New Haven, Conn. -- The global impact of cities is the focus of cutting-edge research in a special issue of Yale’s Journal of Industrial Ecology.
“Cities are an environmental paradox. As dense centers of commerce and industry, they are responsible for more than their population share of global environmental impacts,” said journal Editor-in-Chief Reid Lifset. “On the other hand, their compactness provides opportunities for economies of scale in transportation, waste and water services and infrastructure.”
The environmental impact of cities extends beyond their borders. Cities produce greenhouse gases whose impact is global. More subtly, urban residents stimulate resource extraction and manufacturing—with all the attendant environmental pressures— beyond the city boundaries.
The topics in the special issue, Industrial Ecology and the Global Impact of Cities, range from the prospects for addressing global warming in urban policy to resource flows in cities. Contributors examined the environmental impacts in Singapore, Barcelona, Toronto, China and Southeast Asia as a whole.
“We have always known that cities are a fundamental piece of the environmental equation, as a source of both challenges and opportunities,” says Gus Speth, dean of the Yale School of Forestry & Environmental Studies. “What is new here is recognition, front and center, that they have a global role to play.”
“Industrial ecology, an emerging field that examines the relationship between industry and the environment, is especially adept at analyzing the flows of resources—materials and energy and their environmental impacts—at many scales,” said Lifset, who is a member of the faculty of the Yale faculty of Forestry and Environmental Studies, and is Associate Director of the Industrial Environmental Management Program. “The application of industrial ecology to cities is beneficial at both ends—it provides powerful analytical tools and it enriches the field of industrial ecology.”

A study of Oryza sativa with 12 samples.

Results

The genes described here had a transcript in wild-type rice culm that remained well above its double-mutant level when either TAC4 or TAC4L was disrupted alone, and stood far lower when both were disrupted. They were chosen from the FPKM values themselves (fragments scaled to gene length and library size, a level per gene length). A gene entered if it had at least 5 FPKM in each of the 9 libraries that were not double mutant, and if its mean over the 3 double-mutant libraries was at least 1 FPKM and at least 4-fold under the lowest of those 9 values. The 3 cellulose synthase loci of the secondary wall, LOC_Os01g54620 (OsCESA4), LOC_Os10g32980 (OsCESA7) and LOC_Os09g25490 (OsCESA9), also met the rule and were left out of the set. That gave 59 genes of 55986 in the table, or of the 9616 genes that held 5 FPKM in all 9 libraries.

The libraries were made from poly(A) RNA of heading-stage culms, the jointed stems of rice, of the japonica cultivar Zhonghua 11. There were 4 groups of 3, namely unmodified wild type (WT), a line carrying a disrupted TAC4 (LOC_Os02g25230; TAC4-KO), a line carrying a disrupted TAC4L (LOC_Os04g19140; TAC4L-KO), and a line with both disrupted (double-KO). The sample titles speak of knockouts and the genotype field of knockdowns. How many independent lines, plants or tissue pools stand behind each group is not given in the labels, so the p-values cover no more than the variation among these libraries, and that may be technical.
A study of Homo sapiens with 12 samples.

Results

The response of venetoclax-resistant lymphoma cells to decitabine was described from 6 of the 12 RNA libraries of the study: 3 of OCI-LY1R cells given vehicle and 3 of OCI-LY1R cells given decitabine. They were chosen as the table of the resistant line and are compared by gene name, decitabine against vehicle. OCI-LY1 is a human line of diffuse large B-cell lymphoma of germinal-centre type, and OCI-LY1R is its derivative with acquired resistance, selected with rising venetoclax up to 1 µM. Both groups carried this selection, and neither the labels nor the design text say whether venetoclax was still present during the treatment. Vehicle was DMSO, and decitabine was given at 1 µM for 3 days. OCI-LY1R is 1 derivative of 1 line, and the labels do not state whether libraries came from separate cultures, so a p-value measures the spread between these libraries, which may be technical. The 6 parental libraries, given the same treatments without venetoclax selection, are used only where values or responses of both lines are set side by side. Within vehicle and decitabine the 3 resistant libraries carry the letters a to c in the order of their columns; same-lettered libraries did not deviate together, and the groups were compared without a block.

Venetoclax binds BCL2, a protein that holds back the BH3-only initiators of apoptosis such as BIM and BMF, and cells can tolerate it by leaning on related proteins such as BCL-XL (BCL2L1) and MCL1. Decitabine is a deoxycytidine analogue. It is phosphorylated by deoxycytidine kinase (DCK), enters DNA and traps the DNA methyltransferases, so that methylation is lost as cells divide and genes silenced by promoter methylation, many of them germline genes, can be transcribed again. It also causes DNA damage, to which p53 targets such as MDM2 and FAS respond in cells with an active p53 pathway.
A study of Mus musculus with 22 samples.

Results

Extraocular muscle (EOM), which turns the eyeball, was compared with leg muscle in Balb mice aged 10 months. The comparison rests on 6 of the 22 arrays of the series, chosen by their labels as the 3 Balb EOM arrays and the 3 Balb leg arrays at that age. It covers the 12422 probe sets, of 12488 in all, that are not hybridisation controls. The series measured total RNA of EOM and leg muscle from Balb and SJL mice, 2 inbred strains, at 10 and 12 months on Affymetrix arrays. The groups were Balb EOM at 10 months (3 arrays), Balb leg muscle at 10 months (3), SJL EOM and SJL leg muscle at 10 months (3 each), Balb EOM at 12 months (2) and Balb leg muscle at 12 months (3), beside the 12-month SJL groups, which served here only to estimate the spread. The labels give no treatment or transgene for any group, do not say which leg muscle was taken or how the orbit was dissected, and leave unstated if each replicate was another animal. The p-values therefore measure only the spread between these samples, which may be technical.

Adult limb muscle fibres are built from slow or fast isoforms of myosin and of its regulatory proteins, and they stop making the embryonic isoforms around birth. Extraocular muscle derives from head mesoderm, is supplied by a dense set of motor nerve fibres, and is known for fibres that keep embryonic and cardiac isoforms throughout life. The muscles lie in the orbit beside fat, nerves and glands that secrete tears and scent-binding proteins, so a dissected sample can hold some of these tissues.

The Journal of Industrial Ecology is a peer-reviewed international quarterly owned by Yale University, published by MIT Press and headquartered at the Yale School of Forestry & Environmental Studies. This special issue of the journal was guest edited by Dr. Xuemei Bai of the Commonwealth Scientific and Industrial Research Organisation (CSIRO), Australia's national science agency, where she is a Senior Science Leader at CSIRO Sustainable Ecosystems. Partial funding for the special issue was provided by the Institute for Global Environmental Strategies in Kanagawa, Japan, and the Industrial Transformation Project of the International Human Dimensions Programme on Global Change.
Selected articles in the special issue are available in electronic form online at www.mitpressjournals.org/toc/jiec/11/2. For further information, contact Reid Lifset at 203-432-6949 or firstname.lastname@example.org.